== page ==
Over the past months since I've started this blog, I've kept a secret. And you know, today I am thinking--why am I keeping it a secret exactly? Oh, right, because if I fail, I don't want to have to explain. However, as of this morning, I've hit a little failure--and you know what? I know I'll see success at some point. It may not be this year or next year or five years from now (I think I will cry for a week straight if this doesn't happen for five more years), but I will see it eventually with this project. And by telling you, ALL YOU THOUSANDS AND MILLIONS OF READERS (you caught the sarcasm right? there are like...three of you), who knows, maybe someone will have a connection or a suggestion somewhere.
Since August, I have been querying agents for the manuscript of my young adult novel to hopefully help me publish it someday. There it is, folks. I've written a full-length (as we now know, too lengthy) book. But can you call it a book before it has been published? Eh, who cares. It's MY BOOK. I'll call it a book if I want. One day, it will be a real, tangible object you can buy at a store.
But as of right now, my book is not a book you can buy anywhere. It is a billion different files on my computers and flash drives. It's piles and piles and piles of pages all over our office. And it's trying to make its way into the world, and it and I have only just really started that part of the journey. Briefly, to publish nowadays, an author must send a letter regarding the book to an agent. An agent must read the book, like it, then represent the author. Then the agent (and editor sometimes) make the author edit the book. Again. Over and over again. And then the agent shops the books to publishing houses until the book is bought and published or until it is rejected too many times and the writer must edit and revise again.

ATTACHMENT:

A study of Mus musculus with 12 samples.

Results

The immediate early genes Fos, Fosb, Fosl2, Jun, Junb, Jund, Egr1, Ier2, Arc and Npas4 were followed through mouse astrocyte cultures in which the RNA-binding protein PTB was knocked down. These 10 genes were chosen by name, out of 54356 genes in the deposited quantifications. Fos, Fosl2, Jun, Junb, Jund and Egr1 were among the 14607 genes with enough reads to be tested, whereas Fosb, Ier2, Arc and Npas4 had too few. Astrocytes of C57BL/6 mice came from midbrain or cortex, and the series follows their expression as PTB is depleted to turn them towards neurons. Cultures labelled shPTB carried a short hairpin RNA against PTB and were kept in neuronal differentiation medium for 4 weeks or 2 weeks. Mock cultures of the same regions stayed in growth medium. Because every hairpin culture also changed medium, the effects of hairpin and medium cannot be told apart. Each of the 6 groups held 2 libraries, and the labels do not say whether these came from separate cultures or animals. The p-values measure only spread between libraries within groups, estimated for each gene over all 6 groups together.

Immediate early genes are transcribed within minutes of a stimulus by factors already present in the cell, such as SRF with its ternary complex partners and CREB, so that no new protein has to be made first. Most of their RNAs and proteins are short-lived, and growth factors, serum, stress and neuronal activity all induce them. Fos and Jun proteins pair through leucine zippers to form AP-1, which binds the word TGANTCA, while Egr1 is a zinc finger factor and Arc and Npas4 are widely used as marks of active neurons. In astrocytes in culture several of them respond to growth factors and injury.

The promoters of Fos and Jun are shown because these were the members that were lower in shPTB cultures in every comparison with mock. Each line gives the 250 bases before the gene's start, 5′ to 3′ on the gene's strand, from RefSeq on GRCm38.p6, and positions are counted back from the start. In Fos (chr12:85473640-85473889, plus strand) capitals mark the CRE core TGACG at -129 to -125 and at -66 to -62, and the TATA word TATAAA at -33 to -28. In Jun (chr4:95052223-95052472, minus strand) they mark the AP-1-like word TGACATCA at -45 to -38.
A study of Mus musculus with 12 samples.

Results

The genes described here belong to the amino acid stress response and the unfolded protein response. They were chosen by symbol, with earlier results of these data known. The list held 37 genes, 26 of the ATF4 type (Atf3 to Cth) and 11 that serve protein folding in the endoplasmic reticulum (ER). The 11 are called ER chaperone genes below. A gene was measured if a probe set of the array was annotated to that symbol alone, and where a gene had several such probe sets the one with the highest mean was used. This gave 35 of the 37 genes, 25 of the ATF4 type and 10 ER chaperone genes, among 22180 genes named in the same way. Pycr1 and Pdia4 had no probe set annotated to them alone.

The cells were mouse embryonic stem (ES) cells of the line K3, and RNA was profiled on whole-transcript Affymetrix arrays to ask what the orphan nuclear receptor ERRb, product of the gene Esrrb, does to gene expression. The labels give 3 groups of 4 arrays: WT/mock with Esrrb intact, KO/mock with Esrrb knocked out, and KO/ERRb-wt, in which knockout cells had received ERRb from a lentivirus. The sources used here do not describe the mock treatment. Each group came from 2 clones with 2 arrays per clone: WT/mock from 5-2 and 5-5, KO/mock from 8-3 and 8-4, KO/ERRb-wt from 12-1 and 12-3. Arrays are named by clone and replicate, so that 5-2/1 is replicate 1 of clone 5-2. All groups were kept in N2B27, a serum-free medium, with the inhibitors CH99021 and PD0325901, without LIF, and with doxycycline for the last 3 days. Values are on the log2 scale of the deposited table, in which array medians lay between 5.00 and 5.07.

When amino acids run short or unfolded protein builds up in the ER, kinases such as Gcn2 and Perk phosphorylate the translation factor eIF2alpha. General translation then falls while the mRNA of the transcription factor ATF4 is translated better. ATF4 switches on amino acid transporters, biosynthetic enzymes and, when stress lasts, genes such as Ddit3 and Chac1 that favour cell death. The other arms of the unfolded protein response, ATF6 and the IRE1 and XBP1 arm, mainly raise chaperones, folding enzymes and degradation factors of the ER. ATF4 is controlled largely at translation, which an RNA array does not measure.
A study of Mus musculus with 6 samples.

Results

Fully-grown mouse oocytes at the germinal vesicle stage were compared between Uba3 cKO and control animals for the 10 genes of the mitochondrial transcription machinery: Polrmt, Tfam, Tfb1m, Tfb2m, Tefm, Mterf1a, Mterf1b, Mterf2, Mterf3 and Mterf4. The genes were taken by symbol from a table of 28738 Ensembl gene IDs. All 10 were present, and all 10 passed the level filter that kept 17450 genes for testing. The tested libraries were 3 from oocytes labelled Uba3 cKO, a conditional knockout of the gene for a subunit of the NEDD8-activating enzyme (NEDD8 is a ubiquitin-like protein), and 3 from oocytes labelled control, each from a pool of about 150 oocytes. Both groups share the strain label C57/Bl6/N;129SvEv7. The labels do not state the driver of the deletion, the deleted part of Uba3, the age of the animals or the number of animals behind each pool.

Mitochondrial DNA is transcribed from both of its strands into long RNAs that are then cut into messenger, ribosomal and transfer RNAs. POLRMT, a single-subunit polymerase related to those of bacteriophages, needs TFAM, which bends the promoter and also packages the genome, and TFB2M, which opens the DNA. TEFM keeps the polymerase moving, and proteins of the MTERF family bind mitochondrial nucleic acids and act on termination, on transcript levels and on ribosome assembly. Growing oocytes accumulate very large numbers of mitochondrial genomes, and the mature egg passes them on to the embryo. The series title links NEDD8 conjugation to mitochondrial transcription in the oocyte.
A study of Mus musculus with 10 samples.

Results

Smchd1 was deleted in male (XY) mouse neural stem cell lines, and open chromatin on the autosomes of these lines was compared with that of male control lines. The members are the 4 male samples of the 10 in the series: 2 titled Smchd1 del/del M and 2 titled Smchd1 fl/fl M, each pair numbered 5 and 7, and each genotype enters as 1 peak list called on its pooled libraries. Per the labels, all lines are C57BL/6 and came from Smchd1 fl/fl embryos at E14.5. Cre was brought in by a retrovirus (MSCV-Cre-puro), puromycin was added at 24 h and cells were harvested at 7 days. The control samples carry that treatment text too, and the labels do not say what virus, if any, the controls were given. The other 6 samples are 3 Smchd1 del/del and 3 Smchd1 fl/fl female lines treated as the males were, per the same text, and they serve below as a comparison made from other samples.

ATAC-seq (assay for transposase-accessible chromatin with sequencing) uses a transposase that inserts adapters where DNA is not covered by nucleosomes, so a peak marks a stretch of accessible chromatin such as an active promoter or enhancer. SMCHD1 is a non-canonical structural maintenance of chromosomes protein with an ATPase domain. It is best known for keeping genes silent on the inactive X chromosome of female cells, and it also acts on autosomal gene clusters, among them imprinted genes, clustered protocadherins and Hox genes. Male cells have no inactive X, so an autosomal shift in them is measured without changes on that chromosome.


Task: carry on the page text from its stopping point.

Querying (the letter process of pitching the book to agents) is a long, painful process filled with rejection. I send a letter to an agent describing the book in one page, they read it, and reply with a request to either see the manuscript to read a part or all of it, or they tell me that they don't want to see it period and to send my junk elsewhere. The hard part for me has not been getting the initial rejections. The hard part has been the last 7 weeks in which I have been waiting to hear back from the one agent who asked to read the full manuscript. I've imagined a lot of scenarios in the weeks that have passed, and when I received an email from said agent this morning saying she doesn't want the book, I wasn't exactly shocked. I'm not crushed either. I'm sad, don't get me wrong. It's not fun to hear that I still am a lot of steps away from even trying to get a publishing house to look at the manuscript, but....this agent did tell me something important. She said that the manuscript is too dense. That she liked the subject. She liked a lot of the book. But it's too slow in places, that the writing is too heavy without actions in pieces and parts. And you know what? I can fix that. I believe that I can fix that.
I will fix that.
I am feeling down, however, right now. I won't lie to you. I am sad that I've spent a few years prepping that dang manuscript to send to agents, and that after my work with it, it still isn't ready...still. I'm disappointed that I didn't figure out that it was too dense myself before I sent query letters to agents who I can now not send to again after I fix it. But, hey, you know what? I could always keep sending it and continue being rejected and run out of agents to send to and never get it published and have to start a whole other book. But....this agent has kinda saved me from that heartache. So, agent who rejected my book, thank you. I will work hard, and I hope that when I'm done with revisions again, someone will want this book. And someone else will want to publish it. It's a dream of mine to have a book published--always has been. One day, it'll happen. And I really hope that it will be THIS book that it happens with.
Believing in oneself is so very important and will always matter when you're dead because, without that, there isn't much of a point to life. It's even okay to believe in things that you know aren't quite possible and that may never happen. Belief makes you try--and at least you can say you tried. Even if you fail, you tried. And something cool probably came out of your effort along the way.